Pompey’s change of tack with the press at crucial moment

Paul Cook keeps an eye on his players during the Mansfield match. Picture: Joe Pepler
Paul Cook keeps an eye on his players during the Mansfield match. Picture: Joe Pepler
Conor Chaplin and Brett Pitman. Picture: Shaun Boggust


There’s been a subtle, yet very marked, effort from Paul Cook to control the messages emanating from Pompey over the past couple of weeks, as the season charges toward what increasingly appears to be a dramatic climax.

Don’t think there’s been a media blackout for a second.

There’s none of the banning of The News we’ve seen under previous regimes, here. Relations are good.

Cook sprung something of a surprise a couple of weeks back, though, when he gagged the Pompey players from speaking after the 1-1 draw at Mansfield.

With his own head in a spin at the way his men finished the game, the barriers went up for the first time in his tenure with the Blues.

That rolled over into the next week as Cook began his pre-match press duties with a 20-minute off-the-record briefing. There he outlined frustration at what he perceived were some daft messages emanating from the playing ranks.

With there now little margin for error in the bid to get out of the division, the Pompey boss was looking for a renewed sense of focus.

‘There’s too much talking going on here,’ was the way he put it.

That meant a ban on players speaking and a more considered approach from Cook with what he was saying ahead of a game.

Given the Scouser’s frenetic enthusiasm and openness since arriving last summer, it’s a marked departure. Cook conducts his press conferences like you’d conduct a chat about Pompey down the Shepherds Crook with your mates.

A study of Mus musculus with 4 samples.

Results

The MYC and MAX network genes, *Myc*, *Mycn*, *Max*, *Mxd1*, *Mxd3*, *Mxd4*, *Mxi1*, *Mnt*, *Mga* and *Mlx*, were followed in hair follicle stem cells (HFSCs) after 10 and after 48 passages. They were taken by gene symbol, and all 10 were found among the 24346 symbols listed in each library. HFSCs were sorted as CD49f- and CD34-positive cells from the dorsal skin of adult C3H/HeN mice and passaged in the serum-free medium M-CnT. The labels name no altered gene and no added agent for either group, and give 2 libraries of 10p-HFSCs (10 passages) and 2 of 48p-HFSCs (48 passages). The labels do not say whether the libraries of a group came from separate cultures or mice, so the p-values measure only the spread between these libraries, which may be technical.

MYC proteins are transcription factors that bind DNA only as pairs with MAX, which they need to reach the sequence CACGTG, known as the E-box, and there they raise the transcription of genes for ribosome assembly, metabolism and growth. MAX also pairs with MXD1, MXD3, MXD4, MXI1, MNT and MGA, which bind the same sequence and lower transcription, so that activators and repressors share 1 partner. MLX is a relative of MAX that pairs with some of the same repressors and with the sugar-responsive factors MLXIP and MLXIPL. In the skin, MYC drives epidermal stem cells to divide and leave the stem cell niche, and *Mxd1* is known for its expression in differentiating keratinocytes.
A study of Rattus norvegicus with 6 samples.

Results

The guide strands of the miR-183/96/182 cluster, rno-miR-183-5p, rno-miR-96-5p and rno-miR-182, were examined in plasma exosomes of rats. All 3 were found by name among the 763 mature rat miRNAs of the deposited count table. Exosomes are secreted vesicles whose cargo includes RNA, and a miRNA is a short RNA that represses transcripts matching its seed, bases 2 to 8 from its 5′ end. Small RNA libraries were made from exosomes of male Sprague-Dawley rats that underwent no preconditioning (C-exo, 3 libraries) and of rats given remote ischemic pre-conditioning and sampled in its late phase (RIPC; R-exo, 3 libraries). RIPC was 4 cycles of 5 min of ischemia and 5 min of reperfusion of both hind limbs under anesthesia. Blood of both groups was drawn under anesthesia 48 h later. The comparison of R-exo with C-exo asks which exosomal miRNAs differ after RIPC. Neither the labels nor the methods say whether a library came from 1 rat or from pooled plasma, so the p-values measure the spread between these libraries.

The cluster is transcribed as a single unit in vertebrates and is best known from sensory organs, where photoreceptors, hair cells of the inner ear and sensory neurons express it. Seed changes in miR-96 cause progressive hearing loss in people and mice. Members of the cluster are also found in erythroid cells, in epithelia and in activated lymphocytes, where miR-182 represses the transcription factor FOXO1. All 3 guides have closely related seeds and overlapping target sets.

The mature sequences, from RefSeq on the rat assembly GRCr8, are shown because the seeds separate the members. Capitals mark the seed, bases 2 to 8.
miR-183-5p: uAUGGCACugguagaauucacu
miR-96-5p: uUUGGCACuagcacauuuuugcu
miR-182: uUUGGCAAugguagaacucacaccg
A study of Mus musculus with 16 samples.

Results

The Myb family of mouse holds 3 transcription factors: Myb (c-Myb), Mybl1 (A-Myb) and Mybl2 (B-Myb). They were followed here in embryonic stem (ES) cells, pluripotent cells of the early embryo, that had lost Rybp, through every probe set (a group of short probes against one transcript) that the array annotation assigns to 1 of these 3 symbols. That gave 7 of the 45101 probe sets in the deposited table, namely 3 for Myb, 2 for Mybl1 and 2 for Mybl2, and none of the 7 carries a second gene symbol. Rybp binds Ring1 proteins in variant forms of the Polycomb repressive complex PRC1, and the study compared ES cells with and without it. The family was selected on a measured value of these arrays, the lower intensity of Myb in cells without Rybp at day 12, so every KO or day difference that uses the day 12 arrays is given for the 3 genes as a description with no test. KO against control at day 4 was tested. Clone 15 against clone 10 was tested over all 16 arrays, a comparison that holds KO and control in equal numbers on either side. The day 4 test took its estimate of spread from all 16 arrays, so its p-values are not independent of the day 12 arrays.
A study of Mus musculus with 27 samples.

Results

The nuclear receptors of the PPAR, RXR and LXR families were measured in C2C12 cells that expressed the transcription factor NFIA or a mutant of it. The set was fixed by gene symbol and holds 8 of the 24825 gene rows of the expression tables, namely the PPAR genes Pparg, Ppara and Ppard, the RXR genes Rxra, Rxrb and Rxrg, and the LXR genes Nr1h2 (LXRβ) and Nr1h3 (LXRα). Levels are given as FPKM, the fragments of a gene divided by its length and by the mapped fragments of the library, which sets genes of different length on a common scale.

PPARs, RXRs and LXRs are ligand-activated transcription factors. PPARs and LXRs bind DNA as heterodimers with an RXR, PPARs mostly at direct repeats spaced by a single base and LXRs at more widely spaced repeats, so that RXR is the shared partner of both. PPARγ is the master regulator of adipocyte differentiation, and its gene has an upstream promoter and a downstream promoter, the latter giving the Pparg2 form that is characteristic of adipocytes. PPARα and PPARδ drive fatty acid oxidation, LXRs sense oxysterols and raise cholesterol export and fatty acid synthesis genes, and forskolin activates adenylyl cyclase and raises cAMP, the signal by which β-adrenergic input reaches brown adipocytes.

That leads to meandering chats on the Blues, management, coaching, signings, rivals, players and just about any other topic vaguely attached to the game.

His natural inclination to openly debate a topic was corrected a couple of times last week, however.

Going into how the faults of the defeat to Newport County have been erased was kiboshed for fear of lingering on the Exiles loss.

In typical Cook fashion, after a lengthy explanation of his thinking he’s now relented and is allowing a sprinkling of experienced players to engage with the media.

They offer a safe pair of hands, however, and are more than likely to steer clear of the hyperbole.

So don’t expect any further headlines about Pompey winning all of their remaining games in the coming weeks. Such a line was a catalyst for these actions after Michael Smith suggested that could be the case – before the Newport loss...

Cook took himself out of the equation after Saturday’s victory over Carlisle, with assistant Leam Richardson conducting press duties.

As we’ve seen this season, the 49-year-old, who has been great value with the press, isn’t a fan of speaking in the immediate aftermath of battle.

‘All we do is talk rubbish,’ was his assessment.

Cook would never dodge that duty after a defeat, however. A manager wouldn’t want to look like he was hiding. But weekend success gave Richardson the chance to speak in his more measured manner.

So a clear change of tack with the media has been evident.

There is an inherent danger in doing so at a critical moment in the campaign, though.

A change to focus on the goals ahead can also sometimes be perceived as cracks appearing when the pressure mounts. That’s certainly been the case at Pompey before under previous management.

Cook and his team, by their own admission, have found the weight of media attention afforded their side something they’ve had to adjust to.

When people care about their football club as passionately as they do here, it’s also a reality they accept.

What does help is winning games. That puts smiles on faces.

A change in approach is the heat getting too much after a defeat. Victories arrive, and the plaudits for being a managerial guru are all yours.